Thursday, October 9, 2008

If I have a hammer, I'll hammer "Hamilton" in the morning

I'll hammer "Hamilton" in the evening too. This is the company that suppose to provide Ada with the hospital bed, the wheelchair and the commode. We received a loan hospital bed, the one with the crank so we can raise the bed up and down. By the time I have to bend down and do that, I might just go ahead and bend down to change Ada. My back hurt.
We got the loan commode, the one that can support 300 lbs, 6' 3" man, but Ada is only 98 lbs and 5' 6". It is so big that I was afraid she will fall down the hole in the middle, and it has the bar across from the back and we cannot put it over the stall.
We got the wheelchair that the cushion is about 4" short for Ada's leg, so she can easily slide off the chair. The proper seat belt is also needed.
Well, people always blame Medicaid for slow process, but in Ada's case, she got everything approved very fast, if the request had been submitted to medicaid office, that's it. After 5 weeks and numerous phone calls, we just found out that Hamilton hasn't submitted anything to Medicaid. So my daughter has to sit uncomfortably in her wheelchair, in the commode and I am about to break my back bending down to change her 6-7 times a day.
I always get a comment from friends that I am being too nice, being to patient, being too passive. How can "being so nice" turn out to be such a bad thing. And if people can't keep their words, what the "promise" is for. I did make phone calls to those people. Lots of phone calls that nobody care to listen. ALL I WANT TO DO IS TAKING CARE OF MY DAUGHTER. If I call and have to yell at somebody, I will be so upset that I can't even go to Ada's room. I don't cry in front of her and she knows whether I am happy or sad or mad. Why can't they just do their job, the one that they suppose to do, the one they get paid for to do so I can do my job.
I understand that I have to be an advocate, a voice for my daughter, but I cannot spend times on the phone calling people everyday. I feed her, clean her, bath her, give her medicine, sing to her, talk to her, transfer her from bed to chair, from chair to bed, help her sit up on the bed, make sure she does not fall down from the commode, exercises her legs and her arms (since she hadn't seen the PO and OT for 5 weeks), push her outside around the neighborhood, give her hugs and kisses, tell her how much I love her, oh, and I have to take care of my family too. I realized how much work I have to do if I take Ada home instead of letting her stay in the nursing home, rooming with the 85 years old grandma, I am willing to do all this and willing to spend the rest of my life taking care of her, if I have to.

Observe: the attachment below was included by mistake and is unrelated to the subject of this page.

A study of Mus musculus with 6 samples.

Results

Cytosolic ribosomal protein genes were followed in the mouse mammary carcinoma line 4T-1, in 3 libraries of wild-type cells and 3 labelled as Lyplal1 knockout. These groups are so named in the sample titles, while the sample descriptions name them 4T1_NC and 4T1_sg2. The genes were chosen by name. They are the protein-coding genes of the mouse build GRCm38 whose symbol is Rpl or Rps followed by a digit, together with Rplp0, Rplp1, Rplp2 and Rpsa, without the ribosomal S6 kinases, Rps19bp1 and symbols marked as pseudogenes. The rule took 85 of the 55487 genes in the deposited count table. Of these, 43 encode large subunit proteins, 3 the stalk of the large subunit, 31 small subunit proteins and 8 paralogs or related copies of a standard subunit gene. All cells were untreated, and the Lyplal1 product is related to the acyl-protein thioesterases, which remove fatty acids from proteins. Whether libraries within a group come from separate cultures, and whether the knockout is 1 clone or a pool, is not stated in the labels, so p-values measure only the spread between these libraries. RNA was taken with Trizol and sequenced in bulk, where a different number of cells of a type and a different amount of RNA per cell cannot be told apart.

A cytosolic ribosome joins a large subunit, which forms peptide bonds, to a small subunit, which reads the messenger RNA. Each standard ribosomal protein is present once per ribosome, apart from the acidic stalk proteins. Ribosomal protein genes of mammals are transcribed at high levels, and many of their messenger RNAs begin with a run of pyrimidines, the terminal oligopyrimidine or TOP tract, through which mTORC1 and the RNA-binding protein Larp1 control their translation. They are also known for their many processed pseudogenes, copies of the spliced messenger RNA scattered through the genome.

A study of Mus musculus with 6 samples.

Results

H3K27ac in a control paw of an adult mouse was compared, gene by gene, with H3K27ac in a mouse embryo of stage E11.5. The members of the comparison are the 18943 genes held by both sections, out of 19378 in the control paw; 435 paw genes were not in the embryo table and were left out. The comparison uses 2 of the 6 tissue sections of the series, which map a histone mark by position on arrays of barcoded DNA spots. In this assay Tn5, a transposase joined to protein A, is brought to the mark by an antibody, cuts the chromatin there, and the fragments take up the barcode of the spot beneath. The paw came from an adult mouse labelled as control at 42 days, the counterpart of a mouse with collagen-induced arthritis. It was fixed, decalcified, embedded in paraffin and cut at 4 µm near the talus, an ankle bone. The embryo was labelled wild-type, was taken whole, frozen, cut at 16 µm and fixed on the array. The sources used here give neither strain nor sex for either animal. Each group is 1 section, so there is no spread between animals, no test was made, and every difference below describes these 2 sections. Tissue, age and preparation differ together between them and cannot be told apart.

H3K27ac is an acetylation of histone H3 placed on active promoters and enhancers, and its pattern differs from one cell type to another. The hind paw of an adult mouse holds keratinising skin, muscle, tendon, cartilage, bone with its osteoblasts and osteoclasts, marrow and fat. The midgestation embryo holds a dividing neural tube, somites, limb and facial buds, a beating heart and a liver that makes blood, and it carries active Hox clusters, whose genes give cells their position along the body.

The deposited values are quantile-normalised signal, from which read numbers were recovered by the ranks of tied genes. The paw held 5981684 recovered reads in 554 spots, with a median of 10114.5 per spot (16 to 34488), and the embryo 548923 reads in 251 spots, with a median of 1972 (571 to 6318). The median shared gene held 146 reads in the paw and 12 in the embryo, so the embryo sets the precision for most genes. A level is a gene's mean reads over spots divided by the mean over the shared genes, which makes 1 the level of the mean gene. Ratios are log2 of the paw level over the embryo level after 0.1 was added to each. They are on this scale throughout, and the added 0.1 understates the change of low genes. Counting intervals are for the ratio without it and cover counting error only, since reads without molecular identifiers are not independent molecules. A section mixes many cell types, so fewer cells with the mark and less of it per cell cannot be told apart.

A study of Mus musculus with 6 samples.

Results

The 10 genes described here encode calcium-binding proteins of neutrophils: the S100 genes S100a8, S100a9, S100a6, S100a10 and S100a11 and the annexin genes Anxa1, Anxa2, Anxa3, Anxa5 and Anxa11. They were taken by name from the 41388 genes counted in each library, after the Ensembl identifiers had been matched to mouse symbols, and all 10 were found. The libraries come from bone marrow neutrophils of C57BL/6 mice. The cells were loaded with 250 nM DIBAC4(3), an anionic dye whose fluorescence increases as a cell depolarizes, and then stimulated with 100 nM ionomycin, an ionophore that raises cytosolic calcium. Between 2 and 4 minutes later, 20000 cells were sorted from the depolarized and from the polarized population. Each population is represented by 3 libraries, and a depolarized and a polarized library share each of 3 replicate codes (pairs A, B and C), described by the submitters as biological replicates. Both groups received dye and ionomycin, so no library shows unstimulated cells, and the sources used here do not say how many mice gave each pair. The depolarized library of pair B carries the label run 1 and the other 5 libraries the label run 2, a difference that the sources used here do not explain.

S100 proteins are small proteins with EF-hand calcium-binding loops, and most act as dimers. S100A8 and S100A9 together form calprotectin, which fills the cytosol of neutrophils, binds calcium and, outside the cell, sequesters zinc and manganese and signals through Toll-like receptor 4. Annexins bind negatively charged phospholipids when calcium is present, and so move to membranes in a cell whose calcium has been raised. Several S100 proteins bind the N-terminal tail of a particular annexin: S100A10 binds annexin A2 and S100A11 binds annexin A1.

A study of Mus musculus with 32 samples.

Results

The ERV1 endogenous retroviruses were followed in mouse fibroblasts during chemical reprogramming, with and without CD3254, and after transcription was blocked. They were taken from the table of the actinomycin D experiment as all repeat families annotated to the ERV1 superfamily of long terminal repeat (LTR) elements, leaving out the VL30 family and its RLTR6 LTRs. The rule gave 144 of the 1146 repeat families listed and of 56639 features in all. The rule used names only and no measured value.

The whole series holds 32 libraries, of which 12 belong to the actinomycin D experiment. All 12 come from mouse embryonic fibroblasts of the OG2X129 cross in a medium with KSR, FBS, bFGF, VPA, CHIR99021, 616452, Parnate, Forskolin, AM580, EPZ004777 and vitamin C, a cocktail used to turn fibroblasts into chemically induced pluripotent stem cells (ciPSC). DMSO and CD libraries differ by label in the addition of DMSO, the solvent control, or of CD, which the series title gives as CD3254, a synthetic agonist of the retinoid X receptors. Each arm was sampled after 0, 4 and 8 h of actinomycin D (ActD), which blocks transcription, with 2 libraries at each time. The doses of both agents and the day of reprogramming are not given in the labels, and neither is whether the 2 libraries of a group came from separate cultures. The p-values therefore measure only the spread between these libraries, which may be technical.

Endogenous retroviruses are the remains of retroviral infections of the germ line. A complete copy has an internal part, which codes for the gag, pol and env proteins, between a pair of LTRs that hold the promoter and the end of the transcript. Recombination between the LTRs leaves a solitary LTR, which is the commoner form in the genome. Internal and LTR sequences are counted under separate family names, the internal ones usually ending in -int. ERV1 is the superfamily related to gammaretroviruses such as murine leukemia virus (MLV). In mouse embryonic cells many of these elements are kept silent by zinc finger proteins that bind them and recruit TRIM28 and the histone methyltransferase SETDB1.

Sorry for the weenie-weinie.


cu# 1835024 said...

What a title!

Your trying everyday life is too real. The way you told your story touches and moves me more than any movies or documentaries have ever done.

I realize that I can only give you this little support. I hear you and I feel for you. Thanks for giving credits to Medicaid's workers and fairly put the blame to the Hamilton people who failed to do their job. I keep hearing that People in social services are overworked, underpaid and do not feel appreciated. I pray that you find more advocates who will recognize you as a person and not just a case number. I work in a state system and know how every one of us can justify how she feels and why she does or doesn't do anything...and everything.

Can you assign 30 minutes everyday to call these people with civilized reminders? Pick the time that disrupts your day the least and stick to it. Get Piak, Arty and Archiec to help too. People should learn that they will hear from you everyday and they can't ignore you. You are always nice so even if you are upset and want to be nasty; you are still nice. Hopefully this routine will ease the tension and upset you less. I really concern on how you manage your stress. As long as you feel in control, I hope you will never break down. By the way, is there any back exercise you can quickly do?

We love you, Ponsawan. May God continue to give you everyday peace and super-human strenght and sustain you through this time.

Thank you for your posts.


cu# 1835024 said...


I was just now successfully made a donation using my credit card. Paypal certainly wants me to use my bank account so it can benefit from the float.

If you dont' get the full amount because of credit card processing fee, please let me know.

I can do the bank draft next time. I plan to donate every month however much I can afford.


Ting said...

I suggest someone in your family or a friend in Indianapolis take this to THE MEDIA. When personal communication has not succeeded you have to borrow a louder voice. Call a talk back radio station or a newspaper and tell them you have this story to tell. If they can link it to politicians something will heppen quickly.

In Australia, people in powerless positions often use the media to make thier voice heard. Someone will step out to do something. They either have to cover their bottoms or use the opportunity to make themself popular.

Local and may be national media too is always hungry for stories like Ada's.

I feel so much for you right now.

Kim Cavender said...

Hang in there, Ponsawan. I feel so badly that you are having to struggle like this. Taking care of Ada is more than enough to deal with for one person. Never doubt what a wonderful job you are doing and what a wonderful mother you are.